In war torn Sudan, children grow up fast. And by fast, I do mean learn how to shoot automatic rifles by age 11.
Some of these children have grown up and managed to escape from the brutal lives they were leading. One such case is Emmanuel Jal. A one time child soldier, Jal is now a well known and very popular rapper. And he has a lot to say.
At 25, Jal has been through and seen a lot. He fought with the rebel Sudanese People's Liberation Army (SPLA), starved, watched his friends die from disease, being eaten by wild animals and, well, war. He was sent to Ethiopia but had to return to his home country when civil war broke out there as well. He was finally smuggled to Kenya in the suitcase of a British aid worker, Emma McCune. After McCune's death in a car accident, Jal had to find another form of expression to ease his suffering.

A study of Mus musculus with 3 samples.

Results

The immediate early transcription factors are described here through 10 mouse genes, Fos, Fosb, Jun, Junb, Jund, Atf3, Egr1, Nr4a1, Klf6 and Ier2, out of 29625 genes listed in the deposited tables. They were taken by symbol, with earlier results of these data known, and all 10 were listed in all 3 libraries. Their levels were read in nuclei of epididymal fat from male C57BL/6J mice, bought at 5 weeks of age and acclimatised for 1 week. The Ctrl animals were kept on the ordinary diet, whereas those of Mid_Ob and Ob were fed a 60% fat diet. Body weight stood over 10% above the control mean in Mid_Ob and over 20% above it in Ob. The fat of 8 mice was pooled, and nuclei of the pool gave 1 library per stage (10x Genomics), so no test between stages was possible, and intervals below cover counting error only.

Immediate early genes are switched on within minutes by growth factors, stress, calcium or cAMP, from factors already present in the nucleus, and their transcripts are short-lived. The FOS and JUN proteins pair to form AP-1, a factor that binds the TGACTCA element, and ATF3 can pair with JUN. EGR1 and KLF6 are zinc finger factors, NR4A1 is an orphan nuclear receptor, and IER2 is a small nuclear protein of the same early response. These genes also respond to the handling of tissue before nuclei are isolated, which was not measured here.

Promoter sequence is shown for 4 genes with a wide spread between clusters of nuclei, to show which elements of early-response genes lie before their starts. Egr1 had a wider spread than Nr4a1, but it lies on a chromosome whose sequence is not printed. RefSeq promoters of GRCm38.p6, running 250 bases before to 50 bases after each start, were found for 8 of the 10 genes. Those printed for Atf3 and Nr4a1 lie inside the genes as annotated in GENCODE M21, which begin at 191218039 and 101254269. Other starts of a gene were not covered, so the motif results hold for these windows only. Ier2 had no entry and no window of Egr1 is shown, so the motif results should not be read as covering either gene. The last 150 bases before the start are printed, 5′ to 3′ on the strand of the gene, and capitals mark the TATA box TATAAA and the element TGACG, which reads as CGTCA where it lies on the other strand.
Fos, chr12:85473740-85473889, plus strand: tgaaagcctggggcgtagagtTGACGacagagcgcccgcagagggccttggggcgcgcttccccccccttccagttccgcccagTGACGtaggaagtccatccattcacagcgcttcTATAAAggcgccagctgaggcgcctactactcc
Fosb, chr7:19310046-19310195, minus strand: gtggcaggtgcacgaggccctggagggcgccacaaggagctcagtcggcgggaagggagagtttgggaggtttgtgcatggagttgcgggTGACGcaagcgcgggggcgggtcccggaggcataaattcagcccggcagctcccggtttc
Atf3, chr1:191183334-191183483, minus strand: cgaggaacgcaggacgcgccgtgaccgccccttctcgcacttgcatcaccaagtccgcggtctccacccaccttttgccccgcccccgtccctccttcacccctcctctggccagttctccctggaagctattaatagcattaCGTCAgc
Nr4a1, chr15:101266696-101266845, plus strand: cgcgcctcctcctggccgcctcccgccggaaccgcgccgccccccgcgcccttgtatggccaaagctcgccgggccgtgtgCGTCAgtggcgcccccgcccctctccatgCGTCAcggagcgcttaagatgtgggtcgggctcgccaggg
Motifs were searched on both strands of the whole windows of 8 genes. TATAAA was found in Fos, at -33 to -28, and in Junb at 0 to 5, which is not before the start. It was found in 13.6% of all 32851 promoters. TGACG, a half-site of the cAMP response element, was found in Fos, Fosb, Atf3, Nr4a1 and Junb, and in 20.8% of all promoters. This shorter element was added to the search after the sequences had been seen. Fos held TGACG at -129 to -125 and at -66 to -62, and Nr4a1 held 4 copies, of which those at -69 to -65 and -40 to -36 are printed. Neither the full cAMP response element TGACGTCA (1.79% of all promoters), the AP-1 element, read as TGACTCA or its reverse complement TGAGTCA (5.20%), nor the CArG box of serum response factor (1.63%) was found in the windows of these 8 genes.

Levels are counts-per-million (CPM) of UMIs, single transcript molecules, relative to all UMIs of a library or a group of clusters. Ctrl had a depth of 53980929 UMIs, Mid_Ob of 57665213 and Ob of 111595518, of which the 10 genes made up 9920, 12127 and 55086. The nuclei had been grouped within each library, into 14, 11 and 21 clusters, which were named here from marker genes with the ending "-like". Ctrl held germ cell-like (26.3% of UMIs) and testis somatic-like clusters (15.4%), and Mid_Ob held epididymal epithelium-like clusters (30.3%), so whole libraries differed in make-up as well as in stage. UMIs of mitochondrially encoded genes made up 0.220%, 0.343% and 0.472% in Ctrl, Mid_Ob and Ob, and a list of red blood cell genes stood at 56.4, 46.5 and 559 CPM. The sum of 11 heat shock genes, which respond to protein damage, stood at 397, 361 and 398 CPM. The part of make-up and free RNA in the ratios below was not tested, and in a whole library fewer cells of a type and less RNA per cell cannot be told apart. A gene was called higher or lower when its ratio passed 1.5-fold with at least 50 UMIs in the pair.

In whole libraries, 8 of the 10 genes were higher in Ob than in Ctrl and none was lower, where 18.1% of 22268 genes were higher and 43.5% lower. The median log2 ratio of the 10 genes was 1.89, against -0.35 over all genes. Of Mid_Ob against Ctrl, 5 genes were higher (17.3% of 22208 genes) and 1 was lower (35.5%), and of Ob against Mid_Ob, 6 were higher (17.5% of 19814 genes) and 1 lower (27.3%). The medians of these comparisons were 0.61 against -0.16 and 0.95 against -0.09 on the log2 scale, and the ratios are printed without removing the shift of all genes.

It was then that Jal turned to music. Jal even said in an interview:
“Music came because of an appreciation to God and the dreams I had, so when I write songs to God I can find peace”
Now, Jal is officially part of the Nairobi music scene and his first single “Gwaa” has been on the top of the Kenyan music charts for the past eight months. He raps in English, Swahili, Arabic and two Sudanese dialects (Dinka and Nuer).
Most recently, Jal performed for an awed British audeince at Live 8 Africa Calling. He questions the concept of the concert though:
Nineteen years I have been reliant on aid. How long is Africa going to depend on aid?
His album Ceasefire on which he collaborated with Abdel Gadir Salim, a Muslim Sudanese musician, is going to be released this year. Jal, who is a Christian, calls out on the album for everlasting peace in Sudan, especially since there was a peace deal signed in January.